The Big Show: High Times…:Steve Pond

The Big Show: High Times & Dirty Dealings Backstage at the Academy Awards

by Steve Pond

Book Review by Jason King

I’ve met movie lovers of all kinds over the years. I married a movie lover who doesn’t go too far without a good book in hand, and I know a guy who still believes he could be a great film director without ever reading a book. After all according to him, the reason he wants to make movies is because he hates books. I for one have always found that movies and books go hand in hand. Sometimes a great book can give you more insight than any movie ever could. Now, as you all know, I love movies (even though my reviews may not always seem like it)! And so it should go with out saying a non fiction work about the film industry just might be something I would enjoy. Over the past few weeks, I had a chance to read a book about the super bowl of movies- The Academy Awards- and thought I would share a few thoughts about it with my fellow movie lovers.

The Big Show: High Times & Dirty Dealings Backstage at the Academy Awards by Steve Pond gives you a backstage look at what goes on backstage each year at the Academy Awards. Pond’s journey into Hollywood’s mecca of film award shows starts as a magazine article about the award show but turns into a book that focuses on a 15 year behind the scenes journey through Oscar history. With each chapter devoted to an Oscar year, Pond takes you step by step through Oscar history from 1989 to 2005 from the opening choice of a producer for the year’s show all the way to the Governor’s Ball celebration.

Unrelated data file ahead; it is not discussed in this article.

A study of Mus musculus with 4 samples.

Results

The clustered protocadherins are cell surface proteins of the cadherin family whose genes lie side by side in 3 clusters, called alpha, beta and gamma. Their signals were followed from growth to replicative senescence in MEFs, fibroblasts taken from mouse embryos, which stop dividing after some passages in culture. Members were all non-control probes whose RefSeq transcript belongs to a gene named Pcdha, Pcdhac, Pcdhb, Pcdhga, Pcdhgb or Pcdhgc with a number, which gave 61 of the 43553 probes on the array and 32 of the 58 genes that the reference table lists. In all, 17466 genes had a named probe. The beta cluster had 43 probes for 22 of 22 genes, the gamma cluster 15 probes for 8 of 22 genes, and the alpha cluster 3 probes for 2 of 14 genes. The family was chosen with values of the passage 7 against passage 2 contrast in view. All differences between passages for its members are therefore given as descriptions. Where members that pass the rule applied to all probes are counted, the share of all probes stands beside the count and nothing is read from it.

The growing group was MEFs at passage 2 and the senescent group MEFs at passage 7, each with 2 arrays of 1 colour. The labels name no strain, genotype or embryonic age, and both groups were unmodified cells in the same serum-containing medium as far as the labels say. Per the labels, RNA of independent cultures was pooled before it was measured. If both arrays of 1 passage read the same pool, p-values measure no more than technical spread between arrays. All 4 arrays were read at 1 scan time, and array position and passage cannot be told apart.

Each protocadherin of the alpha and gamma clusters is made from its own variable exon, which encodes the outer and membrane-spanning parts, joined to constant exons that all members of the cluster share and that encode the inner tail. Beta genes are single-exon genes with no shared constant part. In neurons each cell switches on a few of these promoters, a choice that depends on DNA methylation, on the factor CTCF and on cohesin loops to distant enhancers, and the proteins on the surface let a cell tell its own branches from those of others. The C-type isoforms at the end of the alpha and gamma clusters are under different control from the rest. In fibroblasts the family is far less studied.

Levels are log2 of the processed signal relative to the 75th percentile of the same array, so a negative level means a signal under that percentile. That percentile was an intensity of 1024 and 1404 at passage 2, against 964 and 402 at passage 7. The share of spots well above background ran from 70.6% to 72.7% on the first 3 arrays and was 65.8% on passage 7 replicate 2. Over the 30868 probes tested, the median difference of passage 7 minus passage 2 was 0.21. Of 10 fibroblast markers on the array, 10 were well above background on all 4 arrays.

People who love to know how the Oscars tick will be find this book an easy read. It makes you feel like a fly on the wall through the Oscar planning stages and the big show itself. As a reader you get Pond’s take on some of the back stage antics of some of Hollywood’s biggest stars. You find out who is a backstage diva, who’s easy to work with, who is high maintenance, and no maintenance at all. If you’ve ever wondered how the Academy chooses their winners, or even what great lengths they go to make sure the winner is not known until Oscar night, this book gives you a nice over view. From the planning stages of gathering up Hollywood’s A list to designing the set, Oscar budgets and all the details that go into making each award show a success (and the headache the goes with it!), Pond’s book lets you delve head long into the world of the Oscars.

The problem with Pond’s book is that it becomes much of the same old stuff chapter after chapter. Pond points out how after the disaster of an Oscar show done by Alan Carr in 1989, the Oscars begin to follow almost a formulaic pattern created by Oscar producer Bill Cates. Much like Cates’ Oscar Show, the book follows a similar format. Because of that, you feel that you keep re-hashing the same content over and over again as you make it past the half way point. It is the back stage antic of some of the stars, and Pond’s no shame, dislike for Harvey Wienstien that keeps you turning pages.

When it comes to a comprehensive book about how the Academy Awards have been pulled off, Pond’s book is a quick easy read. I enjoyed it, despite the repetitive nature of each chapter. If you really don’t know much about the Oscars and want a book that will get you feet wet, The Big Show: High Times & Dirty Dealings Backstage at the Academy Awards might be the book for you.